My Toughest Opponent – Jonathan Broom-Edwards

Great Britain high jumper on his hopes of beating rival Maciej Lepiato at London 2017. 17 Jun 2017
three men with medals on the podium

Poland's Maciej Lepiato beat Jonathan Broom-Edwards to the Paralympic gold at Rio 2016.

ⒸAtsushi Tomura - Getty Images

"I’m my biggest competition at the moment – that’s the way I’ve got it in my mind: whether I can jump my best on the day."

Since the World Championships in 2013, two men have been battling it out for gold in the men’s high jump T44.

Up to now, one man has prevailed – Poland’s Maciej Lepiato. But Great Britain’s Jonathan Broom-Edwards is determined to change all that.

The 29-year-old has had to settle for silver behind his Polish rival at two World Championships, the 2014 European Championships and most recently, the Rio 2016 Paralympic Games, where he finished nine centimetres behind Lepiato, who cleared a world record 2.19m for gold.

Now, Broom-Edwards is determined to be the one at the top of the podium – and what better place than on home turf this summer at the 2017 World Para Athletics Championships in London, Great Britain.

“Gold on home soil – it would mean the world to me. I’m sick of silvers and to do it in front of family, friends and the home crowd, that would be phenomenal,” admitted Broom-Edwards.

It’s clear the Briton bears no resentment towards the man who has denied him major titles time and time again, ever since they first jumped against each other in Lyon, France four years ago.

Instead, Broom-Edwards regards Lepiato as a friend. His biggest competitor, he believes, is now himself.

“We always talk at competition time,” explained Broom-Edwards.

“Lepiato’s English is pretty good but my Polish is terrible, but he’s a really decent guy and it’s more that I’m my biggest competition at the moment – that’s the way I’ve got it in my mind: whether I can jump my best on the day.

“I’m trying to get away from the other competitors – it’s me and the bar. If I start thinking too much about what the competition is doing, it distracts me from my objectives and my own presence in the competition.

“I’m not worried about what (Lepiato) can do because on my day, when I get it right, I’m quite confident I will take the gold medal. But I’ve got to get to that level - which is what I’m working at now.”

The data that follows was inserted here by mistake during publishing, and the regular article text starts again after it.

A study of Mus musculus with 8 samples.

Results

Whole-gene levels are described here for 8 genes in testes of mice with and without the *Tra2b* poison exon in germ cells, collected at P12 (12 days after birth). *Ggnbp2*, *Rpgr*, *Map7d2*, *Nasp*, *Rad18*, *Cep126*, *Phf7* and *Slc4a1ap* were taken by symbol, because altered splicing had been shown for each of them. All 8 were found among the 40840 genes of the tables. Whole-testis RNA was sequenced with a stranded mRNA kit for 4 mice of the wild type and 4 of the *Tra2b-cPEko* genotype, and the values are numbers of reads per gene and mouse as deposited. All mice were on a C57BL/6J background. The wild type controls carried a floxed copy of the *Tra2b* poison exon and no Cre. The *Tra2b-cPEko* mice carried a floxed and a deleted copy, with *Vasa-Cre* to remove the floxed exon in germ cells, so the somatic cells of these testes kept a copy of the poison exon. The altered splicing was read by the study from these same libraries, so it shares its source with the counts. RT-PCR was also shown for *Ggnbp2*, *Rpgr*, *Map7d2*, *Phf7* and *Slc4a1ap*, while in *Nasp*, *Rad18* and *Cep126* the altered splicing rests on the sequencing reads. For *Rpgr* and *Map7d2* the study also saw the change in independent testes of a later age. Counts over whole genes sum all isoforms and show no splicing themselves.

But what does it feel like to face someone who always excels at major competitions? After all, Lepiato won both his 2013 and 2015 world titles, as well as European gold in 2014 and Paralympic gold in 2016, setting new world record heights each time.

There is no frustration. Surprising though it may seem, Broom-Edwards is untroubled.

“It’s been nice to push him,” admitted the Rio 2016 silver medallist.

“I believe he’s got 2.20m at least in him, so the more I can push up to that height the more I’m going to bring out his true capacity as well. It encourages me to be better.

“I like his consistency and his ‘hang time’ in the air, which is something I’ve been working on recently. But there are still elements of his high jump I think even he could maybe improve.”

In a bid to get the better of the reigning Paralympic and world champion, Broom-Edwards has changed coach and taken things ‘back to basics’ since Rio 2016.

The results are already showing, with indoor personal bests this year. His outdoor personal best stands at 2.15m, but he believes he is now in a position to raise the bar even further.

“Ultimately I’m excited to see what I can do now. I had a bit of a stagnant year prior to Rio and I really want to take it to the next level,” added the Loughborough-based Para athlete.

“I’m now a different athlete. If I look back a year ago I was in a bit of a bad way. But I’ve got my mojo back. Me now, compared to a year ago - I have so much more enjoyment, so much more focus and I’m so much more driven.

“Regardless of what happens in London, I know I’m in a place now to push it beyond where it was in the past.”